Mission mayor testifies in trial over contested city election

EDINBURG — Mission Mayor Armando O’Caña took the stand Wednesday in the trial over the Mission election contest, fielding questions about how his campaign was run in the lead-up to the June mayoral runoff election.

O’Caña, who defeated former Mission Mayor Norberto “Beto” Salinas in the runoff, made his first appearance during the trial on Wednesday. His attorneys explained he was making funeral arrangements following a death in the family.

Ricardo “Rick” Salinas, the attorney for his father Beto Salinas who is contesting the results of the runoff, began by asking O’Caña if he understood the allegations made against his campaign.

O’Caña replied that he understood and that the allegations were false.

O’Caña, 64, first became a city councilman for Mission about 15 years ago, he said in response to Salinas’ questions. He had also previously run for mayor against Beto Salinas but lost.

Through questions about his history of running for public office, Rick Salinas hoped to establish that O’Caña was familiar with how campaigns were run and questioned O’Caña over the campaign finance reports that he filed.

Salinas spent much time going over the contributions and expenses O’Caña reported, asking O’Caña repeatedly if he had paid any campaign workers. O’Caña said he did not.

Salinas brought up the people who were named in previous days’ testimony as having bribed people for their votes or having filled out ballots for elderly voters. O’Caña said he never asked those people to help in the campaign.

The attorney also made note of payments to VO Consulting, a consulting firm owned by his niece, Veronica O’Caña, whom Armando O’Caña said he hired to be his campaign manager.

He testified he and Veronica had a verbal agreement that she would receive $20,000 for her work in the general election and another $8,000 if he went into a runoff election. O’Caña agreed with Salinas’ assessment that he received roughly $39,000 in contributions for the entire campaign.

O’Caña testified that Veronica never produced documentation to show how she used the money she was paid, to which Salinas insinuated she could have used those funds to pay people to harvest votes.

Salinas then asked O’Caña if he was aware they had tried to subpoena Veronica O’Caña to compel her to testify but they were unable to locate her.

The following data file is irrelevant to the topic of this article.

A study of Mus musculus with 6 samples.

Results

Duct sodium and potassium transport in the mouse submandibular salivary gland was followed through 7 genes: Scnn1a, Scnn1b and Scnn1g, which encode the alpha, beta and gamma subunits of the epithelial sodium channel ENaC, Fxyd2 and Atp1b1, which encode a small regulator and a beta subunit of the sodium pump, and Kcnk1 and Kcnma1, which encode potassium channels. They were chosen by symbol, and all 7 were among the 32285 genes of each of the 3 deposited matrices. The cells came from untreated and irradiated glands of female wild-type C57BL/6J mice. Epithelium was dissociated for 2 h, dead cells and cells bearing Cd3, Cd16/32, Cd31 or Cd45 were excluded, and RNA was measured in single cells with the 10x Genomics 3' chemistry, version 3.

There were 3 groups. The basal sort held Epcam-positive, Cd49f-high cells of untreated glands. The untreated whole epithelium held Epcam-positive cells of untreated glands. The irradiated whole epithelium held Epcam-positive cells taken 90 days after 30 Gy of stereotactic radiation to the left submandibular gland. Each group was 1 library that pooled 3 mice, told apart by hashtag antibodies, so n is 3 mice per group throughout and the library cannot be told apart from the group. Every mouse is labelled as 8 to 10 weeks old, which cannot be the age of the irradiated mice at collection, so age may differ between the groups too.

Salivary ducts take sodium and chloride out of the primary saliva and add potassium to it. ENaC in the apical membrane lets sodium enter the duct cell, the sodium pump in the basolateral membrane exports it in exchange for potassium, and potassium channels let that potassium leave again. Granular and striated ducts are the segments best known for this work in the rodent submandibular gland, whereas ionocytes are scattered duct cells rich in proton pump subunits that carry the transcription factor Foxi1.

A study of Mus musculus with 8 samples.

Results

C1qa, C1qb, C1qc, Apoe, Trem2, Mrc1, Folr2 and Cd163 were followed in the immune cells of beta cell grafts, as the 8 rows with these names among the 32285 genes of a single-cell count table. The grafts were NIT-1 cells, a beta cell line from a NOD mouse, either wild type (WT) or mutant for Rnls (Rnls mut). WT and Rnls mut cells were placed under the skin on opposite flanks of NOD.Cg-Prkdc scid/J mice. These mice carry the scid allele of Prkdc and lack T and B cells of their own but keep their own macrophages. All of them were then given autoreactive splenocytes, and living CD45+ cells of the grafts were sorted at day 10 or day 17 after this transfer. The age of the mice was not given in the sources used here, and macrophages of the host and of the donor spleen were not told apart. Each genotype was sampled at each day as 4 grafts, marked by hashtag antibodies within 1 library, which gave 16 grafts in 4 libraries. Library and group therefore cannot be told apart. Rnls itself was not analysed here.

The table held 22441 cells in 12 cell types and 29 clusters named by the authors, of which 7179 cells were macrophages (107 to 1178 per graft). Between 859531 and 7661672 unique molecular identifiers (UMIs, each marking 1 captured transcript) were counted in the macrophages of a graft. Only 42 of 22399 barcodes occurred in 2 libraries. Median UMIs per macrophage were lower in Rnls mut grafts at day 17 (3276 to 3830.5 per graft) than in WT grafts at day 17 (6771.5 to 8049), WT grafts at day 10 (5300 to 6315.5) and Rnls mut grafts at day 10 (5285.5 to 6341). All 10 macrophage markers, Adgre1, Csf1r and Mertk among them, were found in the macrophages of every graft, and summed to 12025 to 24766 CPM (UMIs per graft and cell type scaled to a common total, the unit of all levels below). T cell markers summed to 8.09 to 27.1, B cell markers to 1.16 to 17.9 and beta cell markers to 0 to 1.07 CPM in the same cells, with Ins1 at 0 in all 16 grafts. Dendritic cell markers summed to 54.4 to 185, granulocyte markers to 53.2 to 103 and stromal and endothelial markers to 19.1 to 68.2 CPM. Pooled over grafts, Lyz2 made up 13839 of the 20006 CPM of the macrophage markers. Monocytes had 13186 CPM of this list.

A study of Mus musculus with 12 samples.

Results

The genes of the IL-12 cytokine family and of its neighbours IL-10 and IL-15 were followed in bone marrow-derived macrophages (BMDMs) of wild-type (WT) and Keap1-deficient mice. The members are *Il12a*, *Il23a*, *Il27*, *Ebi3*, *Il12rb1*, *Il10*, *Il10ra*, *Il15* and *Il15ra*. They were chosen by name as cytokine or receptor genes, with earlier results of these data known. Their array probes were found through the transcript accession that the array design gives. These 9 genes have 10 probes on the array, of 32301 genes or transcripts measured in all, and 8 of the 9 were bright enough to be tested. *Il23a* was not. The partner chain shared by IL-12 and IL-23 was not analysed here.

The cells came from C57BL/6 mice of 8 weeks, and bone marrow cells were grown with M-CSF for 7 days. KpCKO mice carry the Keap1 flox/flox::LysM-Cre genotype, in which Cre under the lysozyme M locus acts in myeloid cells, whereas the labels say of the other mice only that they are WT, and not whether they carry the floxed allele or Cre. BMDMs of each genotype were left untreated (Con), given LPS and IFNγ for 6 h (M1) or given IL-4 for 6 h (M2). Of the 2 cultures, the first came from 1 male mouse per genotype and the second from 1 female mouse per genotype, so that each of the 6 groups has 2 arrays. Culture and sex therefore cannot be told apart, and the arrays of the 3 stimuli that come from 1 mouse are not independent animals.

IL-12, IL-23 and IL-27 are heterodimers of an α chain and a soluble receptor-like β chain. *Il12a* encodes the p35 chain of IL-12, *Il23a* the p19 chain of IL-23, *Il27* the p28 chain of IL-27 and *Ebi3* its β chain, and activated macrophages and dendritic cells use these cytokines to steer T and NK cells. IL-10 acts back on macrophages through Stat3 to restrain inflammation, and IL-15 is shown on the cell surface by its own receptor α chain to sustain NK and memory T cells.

He alleged their process servers had even staked out at her home, but she refused to come out.

Salinas asked O’Caña if he would speak to Veronica and Guadalupe “Lupita” O’Caña, Veronica’s mother, about coming forward to testify. O’Caña said he would speak to them.

After O’Caña was finally excused from the witness stand, Salinas called four more witnesses including a married couple who said they voted by absentee ballot for the first time during this election.

The couple, Emma and Guadalupe Barrera, individually testified that a woman came to their home to help them fill out their absentee ballots which they both said they had not requested.

When they were shown copies of absentee ballot applications with their signatures on them, both said those were not their real signatures.

The woman who came to their home to help them, Guadalupe Barrera said, filled out the ballot for them and took it with her. They said they did not know which campaign she worked for.

The next witnesses, Serapio De la Cruz, said “some girls” came by his home to pick up his absentee ballot, but he could not remember who they were and could not remember giving a sworn statement to the attorneys.

The attorneys argued over the last witness, Juanita Hernandez, who Hinojosa said was had not been properly designated. Salinas argued that the affidavit he provided Hinojosa was enough notice that he would be calling her as a witness. The judge agreed.

Hernandez testified that a woman came to her home and told her she would be receiving a ballot in the mail. Because of vision problems, she could not read the statement she had given to attorneys, but she remembered stating that both Veronica O’Caña and Lupita O’Caña came to her home.

Hernandez was excused soon after that.

When asked how many days he expected to take to make his case, Salinas replied that there were at least 50 other subpoenas that had been issued.

Judge J. Bonner Dorsey, however, ordered that Salinas be done presenting witnesses by Thursday, Oct. 4 at noon.

Whether the trial will even make that far is now in question after the attorneys got into another heated argument after the judge recessed for the day.

This dispute centered over Salinas’ request that Hinojosa turn over documents he would use as part of the defense, but Hinojosa argued he needed a list of the witnesses Salinas planned to call in the next few days to know what documents he would be using.

As the bickering continued, the judge threatened to declare a mistrial if the issues couldn’t be resolved.

The attorneys agreed to try to reach an agreement by Thursday morning, otherwise the judge will consider a mistrial.